The Glycemic Index: Does It Matter?
Not all carbohydrates raise blood glucose equally. Brown rice may make your levels spike while milk chocolate containing the same number of carbohydrates may raise it much less. This can be explained by the glycemic index (GI), which ranks foods based on how much they may raise glucose levels. And some people, whether they follow a lower- or higher-carb diet, pay attention to their foods' GI, too. So, should you?
Here's one thing experts in both the lower- and higher-carb diet camps agree on: The answer is no.
As you can see from the example above, low-GI foods aren't always the smartest choice. (Hint: Brown rice is more nutritious than chocolate.) Many healthy foods actually have what the diet calls a medium or high GI. But that doesn't mean you should swear off fruits and grains.
According to low-carb proponent Richard Bernstein, MD, FACE, FACN, too many factors affect a food's GI to make the diet worthwhile. Take, for instance, an apple. Its glycemic index differs based on variety, how long it remained on the tree, how long it sat in the bin in the orchard and again in the store, and so on. Trying to calculate GI based on those details is nearly impossible.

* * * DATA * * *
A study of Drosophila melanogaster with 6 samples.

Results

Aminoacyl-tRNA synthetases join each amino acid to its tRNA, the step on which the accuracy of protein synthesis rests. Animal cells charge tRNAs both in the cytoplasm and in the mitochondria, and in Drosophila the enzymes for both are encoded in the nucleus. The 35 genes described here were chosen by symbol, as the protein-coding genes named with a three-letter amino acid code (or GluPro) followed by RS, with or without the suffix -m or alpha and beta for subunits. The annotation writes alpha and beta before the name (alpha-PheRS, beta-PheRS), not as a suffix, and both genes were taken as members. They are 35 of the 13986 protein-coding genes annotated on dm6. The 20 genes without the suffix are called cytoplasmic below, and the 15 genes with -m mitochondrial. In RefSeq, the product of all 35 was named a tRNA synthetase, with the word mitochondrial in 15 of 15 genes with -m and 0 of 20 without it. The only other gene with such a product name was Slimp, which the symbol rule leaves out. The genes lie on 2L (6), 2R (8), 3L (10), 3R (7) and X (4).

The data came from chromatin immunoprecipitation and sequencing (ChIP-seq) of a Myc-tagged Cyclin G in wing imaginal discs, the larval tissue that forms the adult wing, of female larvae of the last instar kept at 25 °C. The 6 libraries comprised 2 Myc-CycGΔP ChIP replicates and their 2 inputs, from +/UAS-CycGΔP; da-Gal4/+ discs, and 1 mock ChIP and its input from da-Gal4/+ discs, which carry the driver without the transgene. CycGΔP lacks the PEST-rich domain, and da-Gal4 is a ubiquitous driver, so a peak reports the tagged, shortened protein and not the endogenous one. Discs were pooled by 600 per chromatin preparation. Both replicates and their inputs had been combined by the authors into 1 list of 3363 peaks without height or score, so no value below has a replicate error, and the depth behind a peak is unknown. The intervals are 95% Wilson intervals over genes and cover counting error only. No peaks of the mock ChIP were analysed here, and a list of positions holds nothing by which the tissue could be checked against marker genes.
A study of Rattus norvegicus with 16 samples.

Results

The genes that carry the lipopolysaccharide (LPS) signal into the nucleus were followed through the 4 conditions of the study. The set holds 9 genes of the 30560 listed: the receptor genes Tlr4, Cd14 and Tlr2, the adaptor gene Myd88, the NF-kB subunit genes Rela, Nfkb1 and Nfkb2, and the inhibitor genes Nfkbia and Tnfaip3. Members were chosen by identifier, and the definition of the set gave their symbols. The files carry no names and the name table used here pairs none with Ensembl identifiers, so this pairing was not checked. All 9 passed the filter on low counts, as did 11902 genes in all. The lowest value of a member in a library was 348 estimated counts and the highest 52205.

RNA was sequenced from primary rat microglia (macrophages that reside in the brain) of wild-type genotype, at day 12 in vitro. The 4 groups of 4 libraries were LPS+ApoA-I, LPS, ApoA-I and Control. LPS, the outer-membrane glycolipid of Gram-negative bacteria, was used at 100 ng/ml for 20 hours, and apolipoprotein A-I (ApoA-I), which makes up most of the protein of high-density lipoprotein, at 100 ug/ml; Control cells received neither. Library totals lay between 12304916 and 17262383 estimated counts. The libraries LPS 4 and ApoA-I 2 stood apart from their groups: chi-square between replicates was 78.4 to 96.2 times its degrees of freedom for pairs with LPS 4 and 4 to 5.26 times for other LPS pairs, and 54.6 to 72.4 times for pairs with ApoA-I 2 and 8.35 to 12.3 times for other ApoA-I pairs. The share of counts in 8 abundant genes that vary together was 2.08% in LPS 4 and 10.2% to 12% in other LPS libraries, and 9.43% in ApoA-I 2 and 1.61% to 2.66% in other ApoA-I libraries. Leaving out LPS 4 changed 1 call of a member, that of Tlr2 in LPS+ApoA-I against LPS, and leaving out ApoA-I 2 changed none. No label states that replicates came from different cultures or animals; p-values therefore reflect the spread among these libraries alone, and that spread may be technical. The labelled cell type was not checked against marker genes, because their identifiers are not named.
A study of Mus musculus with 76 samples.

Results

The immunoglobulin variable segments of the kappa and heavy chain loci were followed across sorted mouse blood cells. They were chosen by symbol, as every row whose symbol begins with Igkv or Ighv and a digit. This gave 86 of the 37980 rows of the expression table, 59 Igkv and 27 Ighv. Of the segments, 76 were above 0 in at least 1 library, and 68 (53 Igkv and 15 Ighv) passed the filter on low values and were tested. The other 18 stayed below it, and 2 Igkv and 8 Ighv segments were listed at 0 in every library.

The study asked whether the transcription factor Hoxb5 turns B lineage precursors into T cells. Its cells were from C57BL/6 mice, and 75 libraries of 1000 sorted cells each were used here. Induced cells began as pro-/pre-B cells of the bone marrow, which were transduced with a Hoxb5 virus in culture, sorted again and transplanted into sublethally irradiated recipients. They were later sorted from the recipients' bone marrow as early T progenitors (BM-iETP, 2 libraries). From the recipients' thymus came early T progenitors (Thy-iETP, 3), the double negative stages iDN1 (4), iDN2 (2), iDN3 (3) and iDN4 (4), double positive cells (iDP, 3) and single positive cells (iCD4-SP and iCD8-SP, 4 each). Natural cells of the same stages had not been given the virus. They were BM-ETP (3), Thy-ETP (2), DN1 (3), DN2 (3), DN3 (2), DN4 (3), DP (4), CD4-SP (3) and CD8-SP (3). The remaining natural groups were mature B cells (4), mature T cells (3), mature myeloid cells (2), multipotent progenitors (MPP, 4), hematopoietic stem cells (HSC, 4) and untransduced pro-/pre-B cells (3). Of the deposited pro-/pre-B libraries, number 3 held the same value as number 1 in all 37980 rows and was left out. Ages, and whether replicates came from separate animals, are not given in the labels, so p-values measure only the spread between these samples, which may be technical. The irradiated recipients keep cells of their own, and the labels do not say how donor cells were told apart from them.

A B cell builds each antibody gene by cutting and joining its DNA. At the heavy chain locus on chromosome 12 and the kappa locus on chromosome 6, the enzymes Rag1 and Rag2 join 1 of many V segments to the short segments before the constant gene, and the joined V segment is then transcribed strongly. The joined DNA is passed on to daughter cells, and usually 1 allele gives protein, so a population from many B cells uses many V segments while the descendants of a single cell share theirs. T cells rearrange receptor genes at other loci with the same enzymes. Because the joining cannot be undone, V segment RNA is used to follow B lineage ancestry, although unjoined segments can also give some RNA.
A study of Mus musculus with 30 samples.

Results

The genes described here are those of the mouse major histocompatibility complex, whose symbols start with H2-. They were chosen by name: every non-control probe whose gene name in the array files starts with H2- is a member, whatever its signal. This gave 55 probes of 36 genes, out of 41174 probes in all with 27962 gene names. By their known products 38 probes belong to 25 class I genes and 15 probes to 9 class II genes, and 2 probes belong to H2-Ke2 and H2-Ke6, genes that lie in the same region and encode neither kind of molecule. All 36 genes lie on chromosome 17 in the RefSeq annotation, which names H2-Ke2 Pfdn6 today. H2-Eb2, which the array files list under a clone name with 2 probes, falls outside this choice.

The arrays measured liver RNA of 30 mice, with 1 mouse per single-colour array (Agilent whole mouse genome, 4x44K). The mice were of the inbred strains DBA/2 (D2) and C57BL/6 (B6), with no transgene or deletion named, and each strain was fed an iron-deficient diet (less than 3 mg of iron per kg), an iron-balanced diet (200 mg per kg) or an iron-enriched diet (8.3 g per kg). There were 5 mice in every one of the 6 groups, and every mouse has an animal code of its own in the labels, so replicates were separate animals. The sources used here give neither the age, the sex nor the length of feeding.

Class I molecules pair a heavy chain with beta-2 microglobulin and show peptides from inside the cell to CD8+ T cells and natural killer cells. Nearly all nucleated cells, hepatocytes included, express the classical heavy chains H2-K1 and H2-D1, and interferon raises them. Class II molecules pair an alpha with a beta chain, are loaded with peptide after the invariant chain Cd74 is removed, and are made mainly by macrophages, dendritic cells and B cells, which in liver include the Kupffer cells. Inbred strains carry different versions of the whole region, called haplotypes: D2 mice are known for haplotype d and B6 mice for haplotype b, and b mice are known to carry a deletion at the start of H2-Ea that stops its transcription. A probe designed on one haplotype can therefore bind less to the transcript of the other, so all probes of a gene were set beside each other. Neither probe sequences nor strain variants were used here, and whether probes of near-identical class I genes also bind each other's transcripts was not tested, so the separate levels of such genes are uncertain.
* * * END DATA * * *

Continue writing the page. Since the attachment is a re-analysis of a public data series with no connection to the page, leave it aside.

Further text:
William Yancy, Jr., MD, MHS, a researcher at the Center for Health Services Research in Primary Care at Durham (N.C.) VA Medical Center and associate professor of medicine at Duke University Medical Center, conducted a study that compared a low-carb diet and a low-GI diet. He found that the low-carb way of eating better improved blood glucose control.
"When low-GI diets are compared to high-GI diets, some short-term studies showed benefit and some did not. However, two one-year studies reported no benefit in A1C from the low-GI diets in the end," says Marion J. Franz, MS, RD, CDE, a dietitian in Minneapolis. One study of people with type 2 diabetes found virtually no distinction between a low-GI and high-GI diet when it came to weight loss and glucose control.